Metalocalypse’s Brendon Small Claims Lars Ulrich ‘Was Correct’ on Napster Fight
Earlier this year, Metalocalypse creator and Dethklok leader Brendon Small bowed out of San Diego's Comic-Con as a show of solidarity with striking writers in the entertainment industry. During a recent chat with Blabbermouth, Small likened what is going on with writers right now to Lars Ulrich's battle with Napster in the early 2000s when payment for file shared music was on the table.
“Do you know what this time feels like to me? This is like when Napster started 20, 25 years ago and there was file-sharing. Everyone was like, ‘What happened?’ except for Lars [Ulrich]," explained Small. "It reminds me of, ‘Oh man. I wish musicians could have gotten together and moved the needle the way actors and writers are.’"
He adds, "Everything could go away. Corporations aren’t known to be sensitive to all these things. They have to be told to negotiate. That’s what Napster and Spotify could have been. Music would stop being promotional. People had to leave the business years ago and get different jobs. Everything stopped, including the monetization of music. The same thing is happening right now. The streaming world is different from the legacy TV world where I started.”
When the interviewer brought up that Ulrich had printed out the names of Napster users who had downloaded the band's unreleased single "I Disappear" at the time, Small responded, “He was correct. I’m sure he wouldn’t go to Congress and name names if he had a time machine. He would probably say there’s a better way to do it since it was terrifying to those people. When I grew up, you’d tape people’s tapes because you couldn’t afford something. But when I did have money, I remember saving money, making up a plan, going to a record store with perfect change, adding in the tax and pledging my allegiance to Guns N’ Roses.”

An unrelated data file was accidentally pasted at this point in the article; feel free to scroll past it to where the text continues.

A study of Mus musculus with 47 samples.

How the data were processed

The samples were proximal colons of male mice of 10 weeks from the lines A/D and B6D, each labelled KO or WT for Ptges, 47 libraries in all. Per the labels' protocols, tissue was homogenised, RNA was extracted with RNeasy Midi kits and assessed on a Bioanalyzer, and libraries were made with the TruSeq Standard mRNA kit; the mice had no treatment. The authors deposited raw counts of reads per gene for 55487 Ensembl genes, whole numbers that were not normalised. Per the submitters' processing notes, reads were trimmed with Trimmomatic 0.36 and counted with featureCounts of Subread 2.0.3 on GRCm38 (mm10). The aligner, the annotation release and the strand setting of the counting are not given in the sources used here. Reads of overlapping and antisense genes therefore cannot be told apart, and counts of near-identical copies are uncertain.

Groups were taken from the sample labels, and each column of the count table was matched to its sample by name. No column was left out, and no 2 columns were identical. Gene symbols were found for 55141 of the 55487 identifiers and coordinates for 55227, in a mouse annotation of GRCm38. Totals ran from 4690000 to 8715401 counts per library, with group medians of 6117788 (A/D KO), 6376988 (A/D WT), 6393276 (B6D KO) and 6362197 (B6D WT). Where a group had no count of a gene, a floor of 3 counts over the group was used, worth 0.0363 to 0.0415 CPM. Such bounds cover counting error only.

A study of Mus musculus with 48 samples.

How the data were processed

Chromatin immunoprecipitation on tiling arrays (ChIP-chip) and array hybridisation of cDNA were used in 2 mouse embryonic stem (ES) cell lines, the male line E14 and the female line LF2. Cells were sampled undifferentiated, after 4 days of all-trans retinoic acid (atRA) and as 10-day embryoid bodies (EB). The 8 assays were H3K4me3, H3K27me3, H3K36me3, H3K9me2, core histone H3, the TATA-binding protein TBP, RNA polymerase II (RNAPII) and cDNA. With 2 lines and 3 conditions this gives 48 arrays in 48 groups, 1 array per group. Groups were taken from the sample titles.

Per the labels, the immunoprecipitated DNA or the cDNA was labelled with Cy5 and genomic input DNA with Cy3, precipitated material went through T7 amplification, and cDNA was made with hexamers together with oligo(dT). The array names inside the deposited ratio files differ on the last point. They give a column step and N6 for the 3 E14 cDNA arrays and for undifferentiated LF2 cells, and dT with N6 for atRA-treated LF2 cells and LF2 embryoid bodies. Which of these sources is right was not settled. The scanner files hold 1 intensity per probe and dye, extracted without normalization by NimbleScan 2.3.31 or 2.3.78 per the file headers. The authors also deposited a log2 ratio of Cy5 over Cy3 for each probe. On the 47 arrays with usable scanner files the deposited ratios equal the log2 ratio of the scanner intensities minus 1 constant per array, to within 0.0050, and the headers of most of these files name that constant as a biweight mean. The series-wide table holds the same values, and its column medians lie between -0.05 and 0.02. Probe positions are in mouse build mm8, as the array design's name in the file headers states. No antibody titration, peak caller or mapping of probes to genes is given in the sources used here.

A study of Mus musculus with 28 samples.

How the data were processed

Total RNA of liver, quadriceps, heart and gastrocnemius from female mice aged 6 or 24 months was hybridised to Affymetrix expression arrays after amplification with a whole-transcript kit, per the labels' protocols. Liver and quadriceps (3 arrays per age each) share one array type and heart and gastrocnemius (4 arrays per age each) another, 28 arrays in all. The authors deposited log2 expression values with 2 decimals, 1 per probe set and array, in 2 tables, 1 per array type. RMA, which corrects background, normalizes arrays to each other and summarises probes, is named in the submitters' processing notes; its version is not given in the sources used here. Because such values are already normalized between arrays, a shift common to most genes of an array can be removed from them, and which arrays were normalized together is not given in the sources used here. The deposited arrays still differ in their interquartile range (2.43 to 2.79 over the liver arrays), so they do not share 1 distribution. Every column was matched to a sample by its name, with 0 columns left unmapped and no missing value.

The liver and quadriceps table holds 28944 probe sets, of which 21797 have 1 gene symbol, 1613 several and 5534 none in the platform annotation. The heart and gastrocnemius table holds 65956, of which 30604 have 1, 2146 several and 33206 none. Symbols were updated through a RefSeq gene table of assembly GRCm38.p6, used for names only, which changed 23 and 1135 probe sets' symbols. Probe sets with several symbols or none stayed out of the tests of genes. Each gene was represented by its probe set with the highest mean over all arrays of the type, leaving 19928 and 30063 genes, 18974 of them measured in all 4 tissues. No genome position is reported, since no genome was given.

Back in August, Small also credited Ulrich's Napster battle to what's going on with the Hollywood writers in an interview with Full Metal Jackie. At the time, he said, "I think people need to come to the table and meet and I do think there are big conversations that need to be had about streaming rights, residuals, AI, very big [questions]. I hate this is the kind of conversation that I think the music industry should have had in the early 2000s when Napster and file sharing were happening."
He added, "Lars [Ulrich] already tried to have a conversation. He tried to start it but I think it's kind of like [we should] nip it in the bud now so that we can move on and be creative together and I think that's kind of what I think is an important thing to say in solidarity with all people striking."
Elaborating with Blabbermouth, Small stated, "I'll say this: I agree with the writers and the Guild. I agree with the actors."
He added, "I started on network TV on UPN with Home Movies, my first show. You'd get your Nielsen ratings and see whether you had a job next week. You were in constant danger of losing everything. That's par for the course, but at least it was fair. You know where you stood. They weren't hiding anything from you. You'd see your ratings and go, 'I think we're in trouble.' [Laughs] Technology is changing and everything has to acclimate. This is a crazy time for all these mergers to be happening. The monopolization and going back to legacy TV, and I've been saying this, I was lucky to be part of a network, Adult Swim, where somebody wanted to build something new rather than trying to make content, but that word didn't exist. There was creativity and a little bit of danger and 'fuck you' and lunacy and absurdity to it. This is a different time now. I think it's strange. I don't know what the buyers want at these networks. I ask, 'What is your network's ideology?' They shrug and say they'll do anything."